Cancer support with fun and love

Feelings are real. When a family is hit with a diagnosis of the dreaded disease, chemotherapy is vital to bring about a cure. But what about the anguish? The confusion? The terror? What about the relationships…parent to child…husband to wife…the family unit…? What about the spirit that normally supports us all but now seems to have collapsed in a heap of bewilderment and fear?

Who is going to embrace the family, hug them tight? Who is going to understand the inner workings of each one and provide professional support in a warm, loving environment? 

Over and over again, the staff at Ezer Mizion’s Oranit, Guest Home for Cancer Patients and their Families, hear the words: We never could have made it through without you.

Like Neta, mother of 5. She thought it was a minor problem but the tests showed otherwise. Colon cancer. “The tremendous sensitivity of the professional staff who understood what I was feeling even more than I understood myself made it a haven for me. My security blanket. I would attend as many classes as I liked – Pilates Therapy, Art Therapy. I was also able to gain support from all the other ‘classmates’ who shared the same nightmare.

Best of all, I was able to bring my kids. No longer were they estranged from Mommy’s world. They now became part of it, able to pour out their own feelings under the guidance of the professionals. At the art room, they could express themselves with the caring, always-present therapist to help them along. They knew they’re not alone in a horrific bad dream.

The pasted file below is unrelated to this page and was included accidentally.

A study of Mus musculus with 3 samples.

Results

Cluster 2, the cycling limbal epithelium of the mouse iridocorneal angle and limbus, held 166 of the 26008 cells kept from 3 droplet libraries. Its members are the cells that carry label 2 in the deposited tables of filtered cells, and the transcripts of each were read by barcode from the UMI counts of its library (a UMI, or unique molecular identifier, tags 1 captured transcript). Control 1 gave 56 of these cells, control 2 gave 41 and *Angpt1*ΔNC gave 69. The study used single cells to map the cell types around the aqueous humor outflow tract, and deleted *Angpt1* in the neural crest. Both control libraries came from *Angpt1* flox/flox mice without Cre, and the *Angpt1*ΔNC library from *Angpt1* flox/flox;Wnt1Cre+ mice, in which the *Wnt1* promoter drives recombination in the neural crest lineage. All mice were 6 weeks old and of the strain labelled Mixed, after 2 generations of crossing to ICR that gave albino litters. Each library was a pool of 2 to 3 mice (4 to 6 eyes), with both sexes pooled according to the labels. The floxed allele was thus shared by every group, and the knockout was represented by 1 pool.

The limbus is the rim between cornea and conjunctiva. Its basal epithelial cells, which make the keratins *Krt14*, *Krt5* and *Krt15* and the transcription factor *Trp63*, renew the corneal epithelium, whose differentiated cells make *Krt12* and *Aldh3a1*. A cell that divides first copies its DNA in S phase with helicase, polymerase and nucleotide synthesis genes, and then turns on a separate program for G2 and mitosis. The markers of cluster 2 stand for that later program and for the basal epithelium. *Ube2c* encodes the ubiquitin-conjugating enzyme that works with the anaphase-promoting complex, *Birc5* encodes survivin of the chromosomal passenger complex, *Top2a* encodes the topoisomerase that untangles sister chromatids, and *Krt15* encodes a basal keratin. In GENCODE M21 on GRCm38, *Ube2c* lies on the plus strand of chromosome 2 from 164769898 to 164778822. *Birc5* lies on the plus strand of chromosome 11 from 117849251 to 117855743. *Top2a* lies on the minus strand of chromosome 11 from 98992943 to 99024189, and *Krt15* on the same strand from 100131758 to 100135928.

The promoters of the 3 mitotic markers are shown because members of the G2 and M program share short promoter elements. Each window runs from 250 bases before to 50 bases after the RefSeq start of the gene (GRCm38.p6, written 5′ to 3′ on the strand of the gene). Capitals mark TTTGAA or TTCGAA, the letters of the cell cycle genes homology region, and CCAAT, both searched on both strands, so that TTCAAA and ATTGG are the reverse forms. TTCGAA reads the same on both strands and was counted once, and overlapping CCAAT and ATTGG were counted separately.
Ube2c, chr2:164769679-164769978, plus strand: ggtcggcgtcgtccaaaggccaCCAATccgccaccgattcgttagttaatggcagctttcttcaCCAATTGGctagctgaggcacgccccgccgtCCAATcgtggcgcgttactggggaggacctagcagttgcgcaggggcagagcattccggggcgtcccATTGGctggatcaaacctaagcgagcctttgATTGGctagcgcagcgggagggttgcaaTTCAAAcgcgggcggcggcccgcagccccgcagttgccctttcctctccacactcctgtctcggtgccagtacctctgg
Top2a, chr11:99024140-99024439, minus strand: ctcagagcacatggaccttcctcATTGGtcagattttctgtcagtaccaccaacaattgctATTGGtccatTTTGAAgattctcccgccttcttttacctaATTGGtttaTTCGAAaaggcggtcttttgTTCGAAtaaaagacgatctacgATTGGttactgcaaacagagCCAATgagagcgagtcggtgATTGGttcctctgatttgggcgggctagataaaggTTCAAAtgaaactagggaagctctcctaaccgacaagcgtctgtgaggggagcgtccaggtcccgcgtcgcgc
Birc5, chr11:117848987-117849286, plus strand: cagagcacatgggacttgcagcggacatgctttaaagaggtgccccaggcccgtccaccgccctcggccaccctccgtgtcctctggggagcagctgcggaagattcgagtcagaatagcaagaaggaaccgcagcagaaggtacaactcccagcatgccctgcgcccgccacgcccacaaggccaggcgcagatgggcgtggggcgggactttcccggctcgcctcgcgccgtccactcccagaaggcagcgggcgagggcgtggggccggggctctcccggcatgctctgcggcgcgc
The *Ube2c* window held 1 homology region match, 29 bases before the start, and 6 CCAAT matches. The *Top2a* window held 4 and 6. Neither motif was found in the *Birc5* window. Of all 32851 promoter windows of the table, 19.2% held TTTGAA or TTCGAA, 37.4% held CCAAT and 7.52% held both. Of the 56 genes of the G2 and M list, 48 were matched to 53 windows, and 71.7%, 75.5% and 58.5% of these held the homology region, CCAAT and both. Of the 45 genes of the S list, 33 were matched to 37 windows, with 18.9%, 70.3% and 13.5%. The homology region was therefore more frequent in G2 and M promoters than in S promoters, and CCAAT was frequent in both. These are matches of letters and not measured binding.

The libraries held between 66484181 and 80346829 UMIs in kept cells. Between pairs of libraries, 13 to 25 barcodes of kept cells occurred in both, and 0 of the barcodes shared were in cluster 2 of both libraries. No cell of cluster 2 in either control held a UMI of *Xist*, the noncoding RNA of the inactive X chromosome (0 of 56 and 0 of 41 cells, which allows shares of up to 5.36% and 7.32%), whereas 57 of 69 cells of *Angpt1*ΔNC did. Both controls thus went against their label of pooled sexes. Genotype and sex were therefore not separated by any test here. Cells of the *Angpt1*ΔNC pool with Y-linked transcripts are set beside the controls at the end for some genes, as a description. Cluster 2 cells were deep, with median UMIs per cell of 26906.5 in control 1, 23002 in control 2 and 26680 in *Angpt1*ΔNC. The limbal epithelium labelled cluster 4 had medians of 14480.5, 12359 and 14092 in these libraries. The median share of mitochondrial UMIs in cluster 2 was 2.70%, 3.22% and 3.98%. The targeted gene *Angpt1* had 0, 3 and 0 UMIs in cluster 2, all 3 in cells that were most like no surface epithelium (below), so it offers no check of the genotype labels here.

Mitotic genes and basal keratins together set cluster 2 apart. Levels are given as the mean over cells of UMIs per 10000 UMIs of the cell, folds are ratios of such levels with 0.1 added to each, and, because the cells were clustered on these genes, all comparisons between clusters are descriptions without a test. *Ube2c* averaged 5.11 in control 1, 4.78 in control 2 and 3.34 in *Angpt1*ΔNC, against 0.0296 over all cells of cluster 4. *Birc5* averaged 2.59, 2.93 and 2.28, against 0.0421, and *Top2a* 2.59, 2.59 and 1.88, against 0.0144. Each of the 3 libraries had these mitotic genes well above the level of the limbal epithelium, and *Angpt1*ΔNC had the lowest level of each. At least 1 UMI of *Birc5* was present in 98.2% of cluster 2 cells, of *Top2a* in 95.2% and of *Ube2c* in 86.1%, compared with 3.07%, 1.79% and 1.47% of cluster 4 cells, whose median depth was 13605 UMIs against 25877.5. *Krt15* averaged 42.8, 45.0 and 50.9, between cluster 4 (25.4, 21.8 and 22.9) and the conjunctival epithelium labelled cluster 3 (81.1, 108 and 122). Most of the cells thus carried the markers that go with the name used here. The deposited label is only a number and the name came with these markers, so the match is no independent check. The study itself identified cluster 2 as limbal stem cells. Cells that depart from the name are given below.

“Fun and joy was the goal, always with a therapeutic approach. Performances for the holidays. The most indulgent day camp in the world, which my kids will never forget. A trip to Italy for the recuperating mommies, dreamy beyond imagination. Summer camp for the whole family where deteriorating bonds are fortified.

“And then the oh-so-desperately longed-for cure. It was over. I was healthy. So why didn’t I – no, we – gratefully jump back into normal life? .Because feelings are indeed real. And having lived in a world ruled by a monster named Cancer, it was so hard to simply go back. My friends didn’t understand. Even we hardly understood. But Ezer Mizion did. For another year and a half, Ezer Mizion held our hand until we could walk it alone.”

Neta is not a solitary case. More than 100 patients are currently in Oranit. Daniel is a chronic cancer patient. Meira, his wife, was the first to join and bring the kids. Daniel wanted no part of it. Therapy? That’s a label .I may have cancer but I’m not a cancer patient. I’m me – Daniel. But he couldn’t help noticing how Oranit had changed his family until the day came when he made the call, “When can I come?” Now he not only receives support but can give to others. And that restores confidence. “Oranit has been accompanying us for four years. Today, Daniel is in follow-up. Seventy percent of the tumor remains in his head but Daniel is functioning amazingly as an Abba and a husband.”

Even the staff needs emotional support when they do the seemingly impossible. Like calling in the children for what appears to be a routine session but isn’t. They hear words that cannot be said but they must. The children must be prepared. Their father will soon die.  

And it’s not easy to provide therapy for a patient who begs for tools to improve his relationship with his wife. It was a beautiful session, a meaningful one…but his last. 

Our hearts bleed for each family but we are ever so grateful to be there for them enfolding them in encouragement and validation, a blanket of love for those so very vulnerable souls.